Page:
BARTLESVILLE, Okla. - Police have released video footage of a marijuana raid at an Oklahoma residence in which officers fatally shot a 72-year-old woman who they say fired a BB gun. Her son can be heard desperately pleading with officers to let him see his dying mother, reports CBS affiliate KOTV.

The incident occurred on the night of Jan. 17, when six police officers drove to the rented Bartlesville home to serve an illegal drug sales warrant for Mike Livingston, 50. The video released Monday shows officers breaking through the front door and almost immediately yelling "shots fired." According to the Bartlesville Police Department, Livingston's mother, Geraldine Townsend, fired a BB gun at officers, striking one in the leg and another in the face.  

Police say Townsend came from a bedroom and confronted officers with the gun. An officer who was shot in the upper lip fired the shot that killed Townsend.

In the recording, Livingston can be heard begging police to let him see his dying mother, but he was led away instead and taken to jail.   

"It happened rather quickly, and I'm not so sure that all of the officers on the scene realized the extent of what had happened," Captain Jay Hastings of the Bartlesville Police told Crimesider. "They didn't know right away if they had shot her, if she was hit. He was yelling and screaming in the house, and I think their main point was to get him outside of the house and get him secured and put into a car, because it is a crime scene at that point."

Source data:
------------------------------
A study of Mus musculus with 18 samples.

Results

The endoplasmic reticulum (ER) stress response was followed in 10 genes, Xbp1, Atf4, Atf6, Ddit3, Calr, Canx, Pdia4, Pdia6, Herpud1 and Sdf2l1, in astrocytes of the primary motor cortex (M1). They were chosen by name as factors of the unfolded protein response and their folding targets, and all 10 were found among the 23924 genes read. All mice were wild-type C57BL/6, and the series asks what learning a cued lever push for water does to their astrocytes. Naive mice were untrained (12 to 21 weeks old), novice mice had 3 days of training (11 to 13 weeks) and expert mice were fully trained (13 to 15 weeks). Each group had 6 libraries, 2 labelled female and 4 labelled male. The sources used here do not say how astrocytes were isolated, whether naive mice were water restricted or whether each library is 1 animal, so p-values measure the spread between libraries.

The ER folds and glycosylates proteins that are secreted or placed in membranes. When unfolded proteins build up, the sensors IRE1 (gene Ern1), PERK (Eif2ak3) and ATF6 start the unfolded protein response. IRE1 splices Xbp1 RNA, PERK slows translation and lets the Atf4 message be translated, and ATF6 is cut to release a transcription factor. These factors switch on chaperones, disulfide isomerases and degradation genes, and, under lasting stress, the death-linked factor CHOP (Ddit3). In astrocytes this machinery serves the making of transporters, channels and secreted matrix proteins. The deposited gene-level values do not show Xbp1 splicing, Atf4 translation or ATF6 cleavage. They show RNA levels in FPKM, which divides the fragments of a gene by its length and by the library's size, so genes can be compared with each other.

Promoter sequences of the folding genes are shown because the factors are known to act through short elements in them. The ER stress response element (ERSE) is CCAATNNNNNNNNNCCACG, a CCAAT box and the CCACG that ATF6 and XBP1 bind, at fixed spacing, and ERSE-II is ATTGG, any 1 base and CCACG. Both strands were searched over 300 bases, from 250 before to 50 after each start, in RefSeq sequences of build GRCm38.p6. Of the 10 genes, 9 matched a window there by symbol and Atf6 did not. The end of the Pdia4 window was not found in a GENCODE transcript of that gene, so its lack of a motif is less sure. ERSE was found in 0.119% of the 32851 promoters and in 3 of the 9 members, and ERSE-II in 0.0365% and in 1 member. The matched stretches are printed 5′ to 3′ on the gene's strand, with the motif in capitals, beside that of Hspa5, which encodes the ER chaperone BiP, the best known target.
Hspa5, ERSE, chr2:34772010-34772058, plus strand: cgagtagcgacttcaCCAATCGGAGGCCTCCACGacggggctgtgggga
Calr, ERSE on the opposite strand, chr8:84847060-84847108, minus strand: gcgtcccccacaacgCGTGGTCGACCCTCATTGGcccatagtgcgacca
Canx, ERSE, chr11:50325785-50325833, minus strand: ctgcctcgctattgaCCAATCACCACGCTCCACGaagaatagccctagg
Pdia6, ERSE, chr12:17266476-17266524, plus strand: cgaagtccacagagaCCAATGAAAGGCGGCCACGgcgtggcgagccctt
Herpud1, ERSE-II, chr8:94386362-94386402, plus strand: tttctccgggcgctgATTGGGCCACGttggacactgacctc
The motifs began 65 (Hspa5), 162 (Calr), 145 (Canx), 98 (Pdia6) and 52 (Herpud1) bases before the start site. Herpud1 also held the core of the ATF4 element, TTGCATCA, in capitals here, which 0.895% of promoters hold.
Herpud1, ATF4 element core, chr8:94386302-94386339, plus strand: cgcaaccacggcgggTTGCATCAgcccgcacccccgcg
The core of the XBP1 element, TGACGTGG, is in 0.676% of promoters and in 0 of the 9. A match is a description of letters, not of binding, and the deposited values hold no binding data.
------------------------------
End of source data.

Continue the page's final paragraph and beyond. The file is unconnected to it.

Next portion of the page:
The video footage is unusual for having been recorded by one of the officers on his cell phone. Hastings said that his department doesn't have the resources to manage body cameras for its 61 officers, which would require IT professionals who can manage and edit the footage, above the initial cost of equipment. 

 "We have dash cameras in six of our patrol cars, and they were like six thousand dollars apiece," he said. "Just keeping up with those six in-car cameras is a full-time job sometimes."

Department policy allows officers to use cameras, though, and some do, on their own dime. 

"They're wearing them to protect themselves," said Hastings. "If something goes wrong, they want to be able to use the video to show their actions."

The officer who fired the fatal shot was not seriously injured, and remains on leave while the Oklahoma State Bureau of Investigation conducts a probe. The names of the officers involved in the incident have not yet been released, said Hastings, due to a number of threats the department has received.